Positives and Pitfalls of Proprietary Funds
How is your 403(b) invested? Are any of its assets invested in proprietary funds? If so, says a recent blog entry, you are not alone — and there are ways to blunt criticism some may levy against that.
In “Proprietary Funds: The New Lightning Rod for 403(b) Plans?
,” a recent entry in Cammack Retirement’s “Top of Mind” blog, Michael Webb observes that proprietary funds certainly have their detractors, but that there are advantages to their use, as well as ways to respond to their critics.
So what to the detractors say? Chief among their criticisms is that there is a conflict of interest when a plan’s recordkeeper offers a proprietary fund in which the plan invests assets. But such an arrangement is not pure evil, Webb argues. This, he says, is because:
- For most large 403(b)s, it is not required that a plan’s funds be invested in a proprietary fund — it’s optional.
- Most 403(b) assets are held in individual accounts and custodial arrangements that individual participants control, and the plan sponsor cannot move funds into a proprietary fund even if it wanted to.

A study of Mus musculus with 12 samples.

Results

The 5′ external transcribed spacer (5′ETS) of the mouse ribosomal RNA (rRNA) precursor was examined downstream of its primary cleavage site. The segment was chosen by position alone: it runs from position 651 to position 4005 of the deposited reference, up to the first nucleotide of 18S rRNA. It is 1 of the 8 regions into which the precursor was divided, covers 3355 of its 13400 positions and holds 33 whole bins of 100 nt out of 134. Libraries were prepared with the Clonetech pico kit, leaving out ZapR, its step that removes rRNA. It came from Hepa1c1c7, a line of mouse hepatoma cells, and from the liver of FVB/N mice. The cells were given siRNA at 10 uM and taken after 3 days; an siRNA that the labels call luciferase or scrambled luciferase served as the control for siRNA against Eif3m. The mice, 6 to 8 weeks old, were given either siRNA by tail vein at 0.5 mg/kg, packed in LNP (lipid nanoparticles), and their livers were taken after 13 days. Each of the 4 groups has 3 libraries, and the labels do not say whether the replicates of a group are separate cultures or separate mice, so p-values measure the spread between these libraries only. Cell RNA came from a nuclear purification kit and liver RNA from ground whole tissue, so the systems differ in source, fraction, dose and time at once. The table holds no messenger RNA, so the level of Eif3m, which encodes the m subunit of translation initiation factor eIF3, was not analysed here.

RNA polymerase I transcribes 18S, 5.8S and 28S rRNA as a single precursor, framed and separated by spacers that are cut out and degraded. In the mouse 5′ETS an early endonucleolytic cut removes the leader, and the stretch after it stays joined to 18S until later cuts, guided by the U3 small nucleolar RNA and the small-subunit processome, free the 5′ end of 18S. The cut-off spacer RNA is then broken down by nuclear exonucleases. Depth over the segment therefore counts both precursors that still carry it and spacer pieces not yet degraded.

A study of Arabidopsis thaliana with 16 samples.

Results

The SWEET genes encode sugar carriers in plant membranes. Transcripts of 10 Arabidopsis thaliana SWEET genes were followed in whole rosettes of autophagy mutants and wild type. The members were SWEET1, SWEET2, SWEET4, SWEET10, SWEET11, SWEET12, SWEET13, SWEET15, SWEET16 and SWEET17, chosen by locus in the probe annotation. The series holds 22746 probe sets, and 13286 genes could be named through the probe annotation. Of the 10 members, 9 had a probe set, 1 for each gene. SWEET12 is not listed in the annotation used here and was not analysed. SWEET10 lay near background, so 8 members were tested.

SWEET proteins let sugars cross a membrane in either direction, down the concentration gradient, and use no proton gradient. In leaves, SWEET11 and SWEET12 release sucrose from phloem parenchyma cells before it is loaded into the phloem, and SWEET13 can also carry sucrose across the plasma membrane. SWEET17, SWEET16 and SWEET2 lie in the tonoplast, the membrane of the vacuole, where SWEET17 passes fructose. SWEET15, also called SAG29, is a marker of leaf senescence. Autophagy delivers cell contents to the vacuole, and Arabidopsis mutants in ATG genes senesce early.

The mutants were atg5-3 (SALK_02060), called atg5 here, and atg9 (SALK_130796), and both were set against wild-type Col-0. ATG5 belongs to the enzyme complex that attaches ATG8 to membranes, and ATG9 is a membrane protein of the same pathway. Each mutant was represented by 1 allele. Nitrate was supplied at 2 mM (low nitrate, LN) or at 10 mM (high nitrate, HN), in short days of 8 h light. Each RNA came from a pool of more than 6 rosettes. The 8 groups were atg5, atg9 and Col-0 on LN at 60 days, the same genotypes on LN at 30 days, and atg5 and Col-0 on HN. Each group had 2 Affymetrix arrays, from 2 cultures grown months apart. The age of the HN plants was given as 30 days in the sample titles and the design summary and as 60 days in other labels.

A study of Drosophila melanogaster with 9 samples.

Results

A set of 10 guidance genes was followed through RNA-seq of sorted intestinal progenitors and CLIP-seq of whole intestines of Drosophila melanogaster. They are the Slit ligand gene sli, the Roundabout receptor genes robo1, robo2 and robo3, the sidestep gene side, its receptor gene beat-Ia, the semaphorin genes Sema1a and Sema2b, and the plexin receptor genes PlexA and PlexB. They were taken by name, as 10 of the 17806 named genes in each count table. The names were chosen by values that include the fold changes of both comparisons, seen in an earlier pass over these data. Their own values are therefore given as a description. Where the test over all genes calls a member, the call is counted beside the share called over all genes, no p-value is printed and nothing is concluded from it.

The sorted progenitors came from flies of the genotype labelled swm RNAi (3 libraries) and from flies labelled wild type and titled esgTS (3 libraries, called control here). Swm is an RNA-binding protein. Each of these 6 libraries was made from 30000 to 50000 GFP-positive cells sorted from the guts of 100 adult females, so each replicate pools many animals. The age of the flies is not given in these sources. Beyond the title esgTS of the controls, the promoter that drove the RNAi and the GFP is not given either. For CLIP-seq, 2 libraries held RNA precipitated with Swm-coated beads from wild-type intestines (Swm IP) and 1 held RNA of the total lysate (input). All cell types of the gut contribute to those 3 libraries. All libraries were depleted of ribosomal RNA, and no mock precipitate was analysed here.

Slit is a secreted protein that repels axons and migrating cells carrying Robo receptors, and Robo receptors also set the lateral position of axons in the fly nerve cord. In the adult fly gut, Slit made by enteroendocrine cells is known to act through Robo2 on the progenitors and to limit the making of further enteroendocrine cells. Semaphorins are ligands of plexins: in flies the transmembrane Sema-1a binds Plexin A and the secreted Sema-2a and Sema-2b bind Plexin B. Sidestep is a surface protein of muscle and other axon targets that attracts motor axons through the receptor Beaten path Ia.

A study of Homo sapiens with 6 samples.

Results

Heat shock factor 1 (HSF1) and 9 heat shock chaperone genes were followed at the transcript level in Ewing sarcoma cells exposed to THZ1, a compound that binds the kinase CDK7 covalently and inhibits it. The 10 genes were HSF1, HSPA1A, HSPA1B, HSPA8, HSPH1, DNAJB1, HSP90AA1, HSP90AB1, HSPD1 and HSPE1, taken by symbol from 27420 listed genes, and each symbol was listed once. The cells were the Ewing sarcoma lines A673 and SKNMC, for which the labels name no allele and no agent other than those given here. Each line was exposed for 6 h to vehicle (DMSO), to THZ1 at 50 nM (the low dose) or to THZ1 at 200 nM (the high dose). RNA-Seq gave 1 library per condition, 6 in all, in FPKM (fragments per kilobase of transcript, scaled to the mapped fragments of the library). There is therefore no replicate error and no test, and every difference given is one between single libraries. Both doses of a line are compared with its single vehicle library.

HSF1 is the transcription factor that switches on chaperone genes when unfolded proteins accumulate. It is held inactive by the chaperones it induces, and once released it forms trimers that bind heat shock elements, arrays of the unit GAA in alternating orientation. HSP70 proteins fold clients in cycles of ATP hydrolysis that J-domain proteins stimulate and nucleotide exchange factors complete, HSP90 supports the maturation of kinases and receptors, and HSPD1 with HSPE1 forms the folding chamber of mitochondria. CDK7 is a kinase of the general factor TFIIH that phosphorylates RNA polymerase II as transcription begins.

- Participants sometimes greatly favor and are loyal to a particular proprietary fund, and a plan would be wise to consider the effect on employees and possible disruptions if it were to divest of such a proprietary fund.
“Any plan sponsor who selects/retains a proprietary fund (or funds) in their investment array is likely going to need to defend that decision at some point. The good news is that this should be fairly straightforward for plans with a written investment policy,” writes Webb. “The question here is simple: per the fund selection/retention criteria of the plan’s investment policy, would the proprietary investment be selected/retained if the investment were not proprietary,” he concludes.